You might have noticed the json_object_put() at the end of the previous examples. Let’s talk about the other related fonction json_object_get().

Those functions manipulate the refcount of a json_object. If you know what a refcount is, just take a look at the prototypes then go to the next page.

struct json_object * json_object_get(struct json_object *obj);
int json_object_put(struct json_object *obj);

json_object_get() return obj (for convenience).json_object_put() returns 1 if and only if obj was freed, otherwise 0 is returned.

What the hell is a refcount ?

“refcount” is short for “reference counting”, which is a technique to share a pointer to some data across multiple programs / pieces of code.

For example, you need to share part of a json_object with another program. Your programs have to point towards the same information. Additionally, you want to free the memory occupied by the json_object asap. Without refcount this (simple) problem will be solved by a synchronisation of some sort; this can be tricky and doesn’t scale very easily.

With refcounts it’s simple, you need to mark a specific json_object as “in use by X programs” using json_object_get() to increment the refcount. When a program doesn’t need a piece of data anymore, it decrements the refcount for the json_object with json_object_put(). When the refcount reaches 0, the json_object is freed.

Refcounts become very useful when you have to “mix” two json_object into one using as little memory as possible.

When you create a json_object it has a refcount of 1.

So, when you add an array to an object, what appends? “With great power comes great responsibility” so it’s the encompassing json_object that now has the responsibility to increment / decrement refcounts of every child json_object.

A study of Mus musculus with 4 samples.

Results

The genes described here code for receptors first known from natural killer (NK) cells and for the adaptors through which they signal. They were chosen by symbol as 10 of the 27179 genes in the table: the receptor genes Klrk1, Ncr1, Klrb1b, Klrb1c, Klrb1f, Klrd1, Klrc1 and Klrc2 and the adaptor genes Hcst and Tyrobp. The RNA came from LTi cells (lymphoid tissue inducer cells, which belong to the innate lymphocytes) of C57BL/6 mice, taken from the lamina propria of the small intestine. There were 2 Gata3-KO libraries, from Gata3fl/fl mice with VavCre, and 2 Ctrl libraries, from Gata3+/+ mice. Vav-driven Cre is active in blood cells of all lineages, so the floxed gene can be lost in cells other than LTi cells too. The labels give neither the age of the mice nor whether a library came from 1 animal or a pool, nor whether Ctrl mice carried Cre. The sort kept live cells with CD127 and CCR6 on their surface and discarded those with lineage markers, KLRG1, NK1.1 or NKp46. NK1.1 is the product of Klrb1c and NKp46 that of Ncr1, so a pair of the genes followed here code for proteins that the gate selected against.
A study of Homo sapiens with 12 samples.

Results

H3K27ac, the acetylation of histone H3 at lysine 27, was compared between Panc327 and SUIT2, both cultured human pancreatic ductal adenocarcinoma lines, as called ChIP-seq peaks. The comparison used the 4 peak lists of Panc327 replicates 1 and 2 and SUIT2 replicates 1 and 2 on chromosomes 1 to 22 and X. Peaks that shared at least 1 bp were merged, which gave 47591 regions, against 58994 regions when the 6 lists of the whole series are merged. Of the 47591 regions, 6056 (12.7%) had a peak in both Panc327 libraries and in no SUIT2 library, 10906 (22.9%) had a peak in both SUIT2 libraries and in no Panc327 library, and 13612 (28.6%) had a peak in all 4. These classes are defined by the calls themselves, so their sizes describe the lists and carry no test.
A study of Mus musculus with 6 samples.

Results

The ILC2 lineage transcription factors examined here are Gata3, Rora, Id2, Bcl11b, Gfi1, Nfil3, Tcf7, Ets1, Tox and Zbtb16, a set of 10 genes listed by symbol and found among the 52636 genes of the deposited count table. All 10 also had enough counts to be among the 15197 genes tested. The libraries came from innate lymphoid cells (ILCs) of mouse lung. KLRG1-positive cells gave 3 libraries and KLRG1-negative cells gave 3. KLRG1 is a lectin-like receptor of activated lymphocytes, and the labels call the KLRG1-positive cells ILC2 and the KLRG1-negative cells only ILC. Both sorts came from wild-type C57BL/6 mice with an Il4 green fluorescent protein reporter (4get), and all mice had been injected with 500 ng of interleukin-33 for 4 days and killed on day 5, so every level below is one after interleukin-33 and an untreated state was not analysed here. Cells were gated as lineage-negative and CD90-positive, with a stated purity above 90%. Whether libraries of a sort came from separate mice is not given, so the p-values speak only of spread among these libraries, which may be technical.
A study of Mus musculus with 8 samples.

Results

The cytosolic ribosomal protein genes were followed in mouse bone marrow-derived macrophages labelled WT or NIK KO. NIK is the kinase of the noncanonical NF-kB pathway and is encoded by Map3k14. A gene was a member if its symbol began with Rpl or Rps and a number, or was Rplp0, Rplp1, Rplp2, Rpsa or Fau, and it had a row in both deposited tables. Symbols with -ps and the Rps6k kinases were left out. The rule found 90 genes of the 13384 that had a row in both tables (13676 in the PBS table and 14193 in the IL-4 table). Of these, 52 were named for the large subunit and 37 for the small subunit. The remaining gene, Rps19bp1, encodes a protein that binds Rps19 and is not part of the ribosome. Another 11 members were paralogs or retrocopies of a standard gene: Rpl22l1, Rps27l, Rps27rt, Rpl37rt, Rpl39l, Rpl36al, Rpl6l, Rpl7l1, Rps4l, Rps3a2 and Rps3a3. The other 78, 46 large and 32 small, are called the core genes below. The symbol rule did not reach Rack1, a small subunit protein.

If you want to get an idea of what it’s like to implement refcounts, head over here


Note: You really want to compile this program with the the “-g -O0” option (add debug symbols, disable optimization). In case you made an error on refcount, gdb or valgrind will give much more informations with debugging symbols!

Because memory manipulation can be tricky, let’s run our program with valgrind / memcheck :

==27537== Memcheck, a memory error detector
==27537== Copyright (C) 2002-2013, and GNU GPL'd, by Julian Seward et al.
==27537== Using Valgrind-3.10.0 and LibVEX; rerun with -h for copyright info
==27537== Command: ./json_refcount

obj1 in plaintext:
{ "peace-code": 1234 }

obj2 in plaintext:
{ "death-ray-code": 4321 }

Before the glitch in the matrix:
[ 1234, 4321 ]

After the glitch in the matrix:
[ 4321, 1234 ]

[>] Unlocking peace with code at index 0 of res: 4321
==27537== HEAP SUMMARY:
==27537==     in use at exit: 0 bytes in 0 blocks
==27537==   total heap usage: 19 allocs, 19 frees, 2,010 bytes allocated
==27537== All heap blocks were freed -- no leaks are possible
==27537== For counts of detected and suppressed errors, rerun with: -v
==27537== ERROR SUMMARY: 0 errors from 0 contexts (suppressed: 0 from 0)

No errors, yeah! This example is very simple, but when code complexity increases the whole refcount “thing” becomes more difficult to pin-point.

Note: valgrind / memcheck isn’t always right (but often is) so double-check the errors.